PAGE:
Formality vs Informality: Why Blogs are good

You know, when I think of the rise of blogs and how they’ve contributed to destroying our media institutions, blogs are kind of bad. Literally any dipshit with an opinion can opine on a subject they know nothing about, and it can be designated as significant as an expert in the field who has diligently researched the topic. Having said that, they also do the opposite – they can empower people who are experts into platforms where they can really promote their ideas, free from the stifling confines of BIG MEDIA. I want to say though… It’s probably still mostly the former? Having said that, I’ll now talk about why blogs are good, personally.

In aggregate, blogs are probably bad, because of the harm they’ve brought to investigative institutions. However, they’ve really done a good job at empowering individuals. Anyone in theory can start up their own website and write some shit. The barriers have never been lower. There are free hosting platforms now. You can buy your own domain name for like 10 bucks. If you want a little more freedom, there are still plenty of cheap hosting options – I run this blog on a shared hosting platform that costs me a dollar a month. I put in like 3 years worth of credit in advance and haven’t had to think of it since – it’s great. The only maintenance I do is upgrading wordpress and its plugins every couple of months. If you’re even more into running your own shit, you can pay for a 5 dollar VPS that can host anything you could possibly want for a blog. Also, this is all beside the point, which is this – blogs are good because of their informality.

Formally published institutions are good because they lend some legitimacy to your work and also ensure a certain bar – real professionals will review your work to make sure you aren’t actually shit. Blogs do the exact opposite – you can write as you like. This is great if you’re an amateur – even better than writing for published institutions. Why? Because of volume. How do you write for an institution? You need to have credibility, meaning you need prior work. You basically need to be good already in order to write for an institution. For a blog, you can get your practice in and publish at will. In theory, anyone with an internet connection can see what you wrote. However, in reality, as a small time writer, no one is going to be reading your shit. So you still get the feeling like you’re putting out work that’s good enough for public consumption, but without the actual pressure of money being on the line. If someone’s paying for my writing, I’m going to carefully pick at every little tidbit to make sure my shit is impeccable. I might even be embarrassed that this work is published under my name. I know there’s going to be a broad reaching audience criticizing my shit. If I publish in a blog, well, no one is going to know unless I start getting gud.

Furthermore, the most important thing for an early writer like myself is the volume of writing. I haven’t written shit yet. Going through the wordcount of all my posts in this blog, I don’t even top 40k. That’s a pittance. 2-3 paragraphs for me is about 500 words. That means I’ve only written roughly 160-240 paragraphs. There’s a ton of room for improvement. I like to equate it to learning to speak a new language – You can’t speak a new language if you never say anything. You’re going to make a ton of mistakes throughout your speaking process, but if you put in enough hours talking with other people, your speaking skills really have no choice but to improve over time. Consider the FSI recommended number of hours to achieve a decent level of fluency (Not native level, more like casual) in a language. For Spanish, they recommend about 480 hours of study. Try cramming in a 20 minutes a day speaking Spanish with native speakers. That’s ~120 hours in a year with no other practice, though you should be doing other work to increase your overall fluency. But in a year of 20 minutes a day, you’re a quarter of a way to being comfortable using Spanish in every day conversation. Fuck, I don’t even exercise 20 minutes a day. So many small wins could be operationalized here. It’s like I’m giving away free gains.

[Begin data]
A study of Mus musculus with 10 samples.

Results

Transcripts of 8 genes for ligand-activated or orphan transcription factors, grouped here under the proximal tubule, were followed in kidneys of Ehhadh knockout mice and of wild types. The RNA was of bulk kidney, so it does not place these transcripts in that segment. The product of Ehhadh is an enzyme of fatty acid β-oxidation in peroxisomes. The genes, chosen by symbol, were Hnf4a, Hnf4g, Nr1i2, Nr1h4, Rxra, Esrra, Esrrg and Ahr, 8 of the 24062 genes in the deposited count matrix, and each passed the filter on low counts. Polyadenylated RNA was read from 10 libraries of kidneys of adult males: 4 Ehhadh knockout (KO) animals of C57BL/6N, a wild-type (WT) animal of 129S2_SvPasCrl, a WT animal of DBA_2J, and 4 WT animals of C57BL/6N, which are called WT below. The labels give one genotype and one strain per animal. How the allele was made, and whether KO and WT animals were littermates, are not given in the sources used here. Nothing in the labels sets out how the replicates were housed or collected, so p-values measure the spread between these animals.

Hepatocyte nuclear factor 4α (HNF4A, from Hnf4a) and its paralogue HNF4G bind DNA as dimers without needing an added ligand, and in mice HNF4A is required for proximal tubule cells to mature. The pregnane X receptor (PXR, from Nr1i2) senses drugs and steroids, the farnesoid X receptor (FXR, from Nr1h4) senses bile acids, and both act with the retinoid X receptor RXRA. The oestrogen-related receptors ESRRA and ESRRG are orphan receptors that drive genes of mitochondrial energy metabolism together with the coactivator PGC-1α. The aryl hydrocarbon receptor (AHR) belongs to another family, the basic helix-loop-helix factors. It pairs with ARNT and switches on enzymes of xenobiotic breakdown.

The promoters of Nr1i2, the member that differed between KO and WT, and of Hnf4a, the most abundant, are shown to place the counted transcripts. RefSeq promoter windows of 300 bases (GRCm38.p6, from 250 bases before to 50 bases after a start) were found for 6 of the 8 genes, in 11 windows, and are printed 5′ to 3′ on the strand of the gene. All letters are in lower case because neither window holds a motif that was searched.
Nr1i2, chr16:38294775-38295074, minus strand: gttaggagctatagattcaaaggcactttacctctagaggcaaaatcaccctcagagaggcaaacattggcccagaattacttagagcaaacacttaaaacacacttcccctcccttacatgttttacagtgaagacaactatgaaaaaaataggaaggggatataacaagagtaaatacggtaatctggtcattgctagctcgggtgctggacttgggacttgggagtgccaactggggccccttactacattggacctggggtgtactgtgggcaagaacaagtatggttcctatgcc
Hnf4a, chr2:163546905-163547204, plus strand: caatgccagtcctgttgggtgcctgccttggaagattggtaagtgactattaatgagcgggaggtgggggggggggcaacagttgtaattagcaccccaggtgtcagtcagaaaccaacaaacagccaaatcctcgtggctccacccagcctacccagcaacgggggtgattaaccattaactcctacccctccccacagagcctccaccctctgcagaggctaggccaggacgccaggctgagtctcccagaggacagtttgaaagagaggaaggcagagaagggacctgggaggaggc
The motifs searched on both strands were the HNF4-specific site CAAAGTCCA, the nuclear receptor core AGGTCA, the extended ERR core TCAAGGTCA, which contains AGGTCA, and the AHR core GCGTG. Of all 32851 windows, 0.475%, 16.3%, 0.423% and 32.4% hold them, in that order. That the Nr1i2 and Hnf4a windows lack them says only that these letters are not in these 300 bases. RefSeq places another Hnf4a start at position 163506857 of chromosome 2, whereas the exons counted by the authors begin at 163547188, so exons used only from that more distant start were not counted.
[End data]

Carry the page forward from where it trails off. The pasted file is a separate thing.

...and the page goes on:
The pareto principle, AKA the 80/20 rule comes into play here. For things that aren’t my main focus, I can be getting roughly 80% of the benefits for 20% of the work. Not acting on that low hanging fruit is akin to not picking up that 20 dollars on the sidewalk because it requires work. Like, sure it requires work, the the level of work required is vastly outweighed by the benefit given in that fractional amount of work. For reference, I make like thirty bucks an hour. I really need to start internalizing what is and isn’t an efficient use of my time. Not to say that everything needs to be min maxed, but the point of reflection is to see areas in which my life can be enriched in ways that I desire, with an expectation that the amount of work required is less compared to the benefits I’m reaping. After all, there doesn’t seem to be much point in putting in work into something that only gives back exactly what I put in – could you imagine if a farmer only received the exact amount of calories or money they put into growing vegetables? What’s the point of doing the work if it doesn’t benefit you in some way?